Scholarships- How did you find yours?

posted 3 years ago in College
Post # 2
Member
10489 posts
Sugar Beekeeper
  • Wedding: January 2011

Most were through school.  Some were automatic in high school, no application required.  Some were automatic with the application process.  The school also had a generic scholarship application that would work for 100+ scholarships.  Others were major government scholarships, local people in the field all knew about them, if I went out of province a quick search would have informed me of them.

Post # 3
Member
772 posts
Busy bee
  • Wedding: September 2013

Check out Fastweb.com, and have him talk to his department at school. Many departments have smaller scholarships they’ll know about but usually the deadline is before the semester starts, so he’ll want to ask about them before he’s even admitted.

Post # 4
Member
878 posts
Busy bee
  • Wedding: April 2016

My school has a website! Some scholarship are super specific too so try googling a few of your demographic characteristics to maybe find some. Seriously, my school list had stuff for like “Asian American female from this obscure New Jersey county” as a scholarship option. And it sucks but student loans are “good debt” Im in med school living totally off loans. Don’t let him give up his dream if he has to take out a little debt

Post # 6
Member
878 posts
Busy bee
  • Wedding: April 2016

csr0406:  I’ve heard a rule as to “not take out more debt than will be your salary when you get out” so yes, I’ll be in 250k of debt, but my salary will be about that when I am an attending so I’ll be able to pay it back with some frugality on my part. So if the pay will be like 45k don’t take out more than that in debt etc. that way it will fit in your budget. And I agree, don’t go into debt for something super impractical. A guy I know is over 200k in the hole for an undergraduate classical civilizations degree and he can’t do anything with it without a Phd, but he didn’t get the grades to get into the programs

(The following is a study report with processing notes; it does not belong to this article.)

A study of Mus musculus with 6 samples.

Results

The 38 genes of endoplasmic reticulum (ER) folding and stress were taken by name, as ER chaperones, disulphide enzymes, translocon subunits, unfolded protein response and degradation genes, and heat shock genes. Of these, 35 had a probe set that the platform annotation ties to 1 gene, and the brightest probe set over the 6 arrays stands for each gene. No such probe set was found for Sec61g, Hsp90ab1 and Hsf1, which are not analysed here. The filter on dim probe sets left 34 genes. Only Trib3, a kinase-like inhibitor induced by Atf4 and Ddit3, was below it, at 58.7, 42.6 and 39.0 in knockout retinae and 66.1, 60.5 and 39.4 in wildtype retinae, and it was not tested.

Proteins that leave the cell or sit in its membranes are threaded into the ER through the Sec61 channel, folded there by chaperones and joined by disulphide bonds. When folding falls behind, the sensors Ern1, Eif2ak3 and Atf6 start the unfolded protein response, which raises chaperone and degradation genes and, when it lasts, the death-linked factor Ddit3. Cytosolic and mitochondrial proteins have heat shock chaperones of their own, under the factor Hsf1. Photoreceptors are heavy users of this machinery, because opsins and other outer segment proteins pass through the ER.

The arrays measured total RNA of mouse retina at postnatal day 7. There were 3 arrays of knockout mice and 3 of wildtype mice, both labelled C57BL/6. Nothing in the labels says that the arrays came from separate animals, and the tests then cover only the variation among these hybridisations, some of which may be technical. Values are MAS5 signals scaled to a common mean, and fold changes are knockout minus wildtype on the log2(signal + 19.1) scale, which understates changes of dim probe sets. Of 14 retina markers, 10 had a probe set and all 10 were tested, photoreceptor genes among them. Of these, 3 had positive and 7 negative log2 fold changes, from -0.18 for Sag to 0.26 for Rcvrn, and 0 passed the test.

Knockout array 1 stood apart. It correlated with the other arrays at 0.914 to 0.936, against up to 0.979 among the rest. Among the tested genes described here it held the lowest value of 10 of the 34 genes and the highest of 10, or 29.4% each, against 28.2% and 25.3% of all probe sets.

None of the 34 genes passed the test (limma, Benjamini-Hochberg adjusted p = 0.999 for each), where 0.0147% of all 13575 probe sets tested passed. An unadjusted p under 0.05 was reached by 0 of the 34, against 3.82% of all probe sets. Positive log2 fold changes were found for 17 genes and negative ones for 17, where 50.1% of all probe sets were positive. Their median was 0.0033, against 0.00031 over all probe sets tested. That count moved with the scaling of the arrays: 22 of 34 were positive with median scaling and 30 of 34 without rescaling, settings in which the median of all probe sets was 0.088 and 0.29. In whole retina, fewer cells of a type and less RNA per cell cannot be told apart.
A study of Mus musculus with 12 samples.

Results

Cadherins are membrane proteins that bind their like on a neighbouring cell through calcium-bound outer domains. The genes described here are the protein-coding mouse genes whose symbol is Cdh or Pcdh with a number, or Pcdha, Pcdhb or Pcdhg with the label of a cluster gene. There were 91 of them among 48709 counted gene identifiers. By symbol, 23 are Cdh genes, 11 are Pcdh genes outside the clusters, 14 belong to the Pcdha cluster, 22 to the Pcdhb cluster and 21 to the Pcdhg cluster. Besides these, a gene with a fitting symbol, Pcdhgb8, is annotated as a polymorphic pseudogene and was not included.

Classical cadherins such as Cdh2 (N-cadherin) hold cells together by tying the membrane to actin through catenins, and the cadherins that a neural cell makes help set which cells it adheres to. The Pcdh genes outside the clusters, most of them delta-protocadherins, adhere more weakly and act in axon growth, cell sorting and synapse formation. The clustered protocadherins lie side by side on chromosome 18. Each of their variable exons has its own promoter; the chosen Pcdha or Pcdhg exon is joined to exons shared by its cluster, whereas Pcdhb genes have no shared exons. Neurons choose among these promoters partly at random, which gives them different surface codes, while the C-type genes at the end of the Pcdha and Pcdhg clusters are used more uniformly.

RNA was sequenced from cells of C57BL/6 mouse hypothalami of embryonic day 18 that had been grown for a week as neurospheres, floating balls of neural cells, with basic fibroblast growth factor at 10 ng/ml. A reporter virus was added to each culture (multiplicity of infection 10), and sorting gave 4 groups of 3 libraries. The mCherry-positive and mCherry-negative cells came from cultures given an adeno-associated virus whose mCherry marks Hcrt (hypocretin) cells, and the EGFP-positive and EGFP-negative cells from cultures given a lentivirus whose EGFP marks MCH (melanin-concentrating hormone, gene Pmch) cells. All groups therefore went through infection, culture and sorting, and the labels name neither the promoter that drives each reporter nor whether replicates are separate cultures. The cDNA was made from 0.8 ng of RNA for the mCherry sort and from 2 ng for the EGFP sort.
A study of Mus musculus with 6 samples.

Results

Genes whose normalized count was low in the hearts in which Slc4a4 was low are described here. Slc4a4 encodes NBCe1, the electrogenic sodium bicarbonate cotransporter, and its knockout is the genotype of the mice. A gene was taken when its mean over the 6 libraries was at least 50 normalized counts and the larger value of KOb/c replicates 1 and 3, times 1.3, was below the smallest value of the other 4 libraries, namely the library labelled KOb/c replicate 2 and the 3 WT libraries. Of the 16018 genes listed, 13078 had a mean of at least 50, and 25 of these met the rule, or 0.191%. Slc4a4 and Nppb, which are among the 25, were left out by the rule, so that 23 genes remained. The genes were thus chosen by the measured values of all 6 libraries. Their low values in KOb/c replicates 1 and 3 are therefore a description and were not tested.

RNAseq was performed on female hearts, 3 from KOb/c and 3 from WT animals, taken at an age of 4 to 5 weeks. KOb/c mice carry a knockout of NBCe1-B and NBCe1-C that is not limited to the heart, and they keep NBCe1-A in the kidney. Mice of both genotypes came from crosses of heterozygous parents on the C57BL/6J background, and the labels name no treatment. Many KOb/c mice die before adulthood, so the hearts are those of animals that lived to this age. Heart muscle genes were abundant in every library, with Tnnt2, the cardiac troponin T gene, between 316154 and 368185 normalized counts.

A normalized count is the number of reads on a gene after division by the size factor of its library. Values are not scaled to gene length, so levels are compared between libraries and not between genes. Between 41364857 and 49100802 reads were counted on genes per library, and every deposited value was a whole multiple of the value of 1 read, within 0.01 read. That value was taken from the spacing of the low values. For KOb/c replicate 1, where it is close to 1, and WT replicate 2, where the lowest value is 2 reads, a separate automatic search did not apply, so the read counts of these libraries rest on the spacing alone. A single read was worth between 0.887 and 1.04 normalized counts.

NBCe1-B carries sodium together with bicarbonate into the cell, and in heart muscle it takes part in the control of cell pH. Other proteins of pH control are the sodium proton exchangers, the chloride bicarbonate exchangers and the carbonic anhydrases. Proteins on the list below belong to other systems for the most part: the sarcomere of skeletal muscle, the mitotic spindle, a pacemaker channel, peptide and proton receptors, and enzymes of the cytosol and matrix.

Post # 7
Member
849 posts
Busy bee
  • Wedding: July 2015

csr0406: Another option would be to go part time at a state school and pay as you go. For undergrad, my scholaship came directly from the school and was offered to me in my acceptance letter. It was half academic and half athletic. After graduating, I taught preschool for a a couple of years while getting my master’s at night at a state school. It took 2 years (full time), but I was able to pay for most of it with the money I earned. State schools are much more affordable and you may be able to just pay as you go.

Post # 8
Member
3222 posts
Sugar bee
  • Wedding: April 2015

csr0406:  I recieved a merit-based scholarship that was part of my admissions package. I also applied for some essay prizes and community service scholarships, which were easy to get because my secondary school had a rigorous community involvement requirement for graduation. All of these were on my institution’s financial services website.

Since he’s been out of school, he can ask admissions to send him information on scholarships for mature or returning students. If they are actively trying to recruit him (if he’s a particularly outstanding student), they should be happy to oblige. If his grades and experience don’t qualify for merit-based scholarships, many universities have large endowments earmarked for bursary/grant disbursements for students in need. He should request information on how much he could receive under a similar program before accepting the admissions offer.